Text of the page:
Duluth nursing home altercations detailed in state reportWords were exchanged, and then blows. Someone blocked another person’s exit. The language grew coarse — “cover-the-children’s-ears” sort of language. It’s a part of daily life, but the setting might surprise you.
By: John Lundy, Duluth News Tribune
Words were exchanged, and then blows. Someone blocked another person’s exit. The language grew coarse — “cover-the-children’s-ears” sort of language. There were threats. People stood between two parties, preventing a situation from escalating.
It’s a part of daily life, but the setting might surprise you. Three such altercations occurred last year and early this year in a Duluth nursing home — a nursing home that celebrates the legacy of St. Francis of Assisi, who said, “Lord, make me an instrument of thy peace.”
The incidents on Aug. 26, Oct. 15 and on New Year’s Day at Franciscan Health Center, 3910 Minnesota Ave., came to light in a standard survey of the facility by the Minnesota Departments of Health and Public Safety that was posted on the health department’s website earlier this week.
The survey, sent to Franciscan Health Center administrator Robert Dahl with a cover letter on Feb. 15, cited several “Level F” deficiencies. These are described as “widespread deficiencies that constitute no actual harm with potential for more than minimal harm that is not immediate jeopardy,” in the convoluted language of the Centers for Medicare and Medicaid Services. They are considered mid-level issues, and a nursing facility cited with them is always given a chance to make corrections before any penalties are applied.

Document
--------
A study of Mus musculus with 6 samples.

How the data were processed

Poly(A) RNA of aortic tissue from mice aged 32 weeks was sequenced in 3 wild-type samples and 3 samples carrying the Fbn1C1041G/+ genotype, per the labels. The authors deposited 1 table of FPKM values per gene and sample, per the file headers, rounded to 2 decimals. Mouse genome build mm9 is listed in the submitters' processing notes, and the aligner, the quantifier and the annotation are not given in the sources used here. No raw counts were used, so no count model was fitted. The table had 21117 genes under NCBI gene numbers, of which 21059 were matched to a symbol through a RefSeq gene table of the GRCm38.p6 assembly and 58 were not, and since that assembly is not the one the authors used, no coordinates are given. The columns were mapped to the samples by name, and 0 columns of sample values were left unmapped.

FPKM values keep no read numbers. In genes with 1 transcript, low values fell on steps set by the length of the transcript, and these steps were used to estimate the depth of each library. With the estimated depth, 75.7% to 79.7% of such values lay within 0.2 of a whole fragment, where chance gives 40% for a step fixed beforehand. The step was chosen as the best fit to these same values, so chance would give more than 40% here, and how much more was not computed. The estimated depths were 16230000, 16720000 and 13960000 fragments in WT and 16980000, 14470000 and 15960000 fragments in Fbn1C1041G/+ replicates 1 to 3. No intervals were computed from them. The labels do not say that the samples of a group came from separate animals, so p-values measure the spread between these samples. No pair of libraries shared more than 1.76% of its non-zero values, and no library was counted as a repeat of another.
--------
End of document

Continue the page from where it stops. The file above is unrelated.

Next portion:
Dahl referred questions to Amy Doll, an attorney from Morris, Minn., who said the health department had followed up with a March 2 letter accepting the facility’s plan of correction, meaning it is cleared of the deficiencies.
The Franciscan Health Center wasn’t cited for the fact that the incidents occurred or for its handling of them. The facility erred only in failing to report the incidents to the health department immediately, the document says. It spells out the incidents in detail, but it doesn’t name names. Residents are referred to by the letter “R” followed by a number.
Following are excerpts of reports from the three incidents, with expletives deleted:
All three incidents were reported to the state either two or three days after they occurred, according to the documents. The health department deems that to be an unacceptable delay. All three occurred on weekends, the reports note.
For such altercations to occur in a nursing facility isn’t all that unusual, Doll said.
“In the nursing home situation, you’re going to have occasional altercations,” she said. “It’s sort of the nature of the beast. This is their home. They’re protective of their home.”
Moreover, some residents undergo chemical changes in their brains that cause them to become more aggressive, Doll said.
The facility’s correction plan reports that staff were retrained and/or disciplined, as appropriate, and that incidents now were being reported both to the administrator and state agency as soon as the facts could be determined.
Franciscan Health Center’s goal is to not receive any citations, Doll said.
“We take all these reports seriously,” she said. “We really do want to address it and make sure it doesn’t happen again.”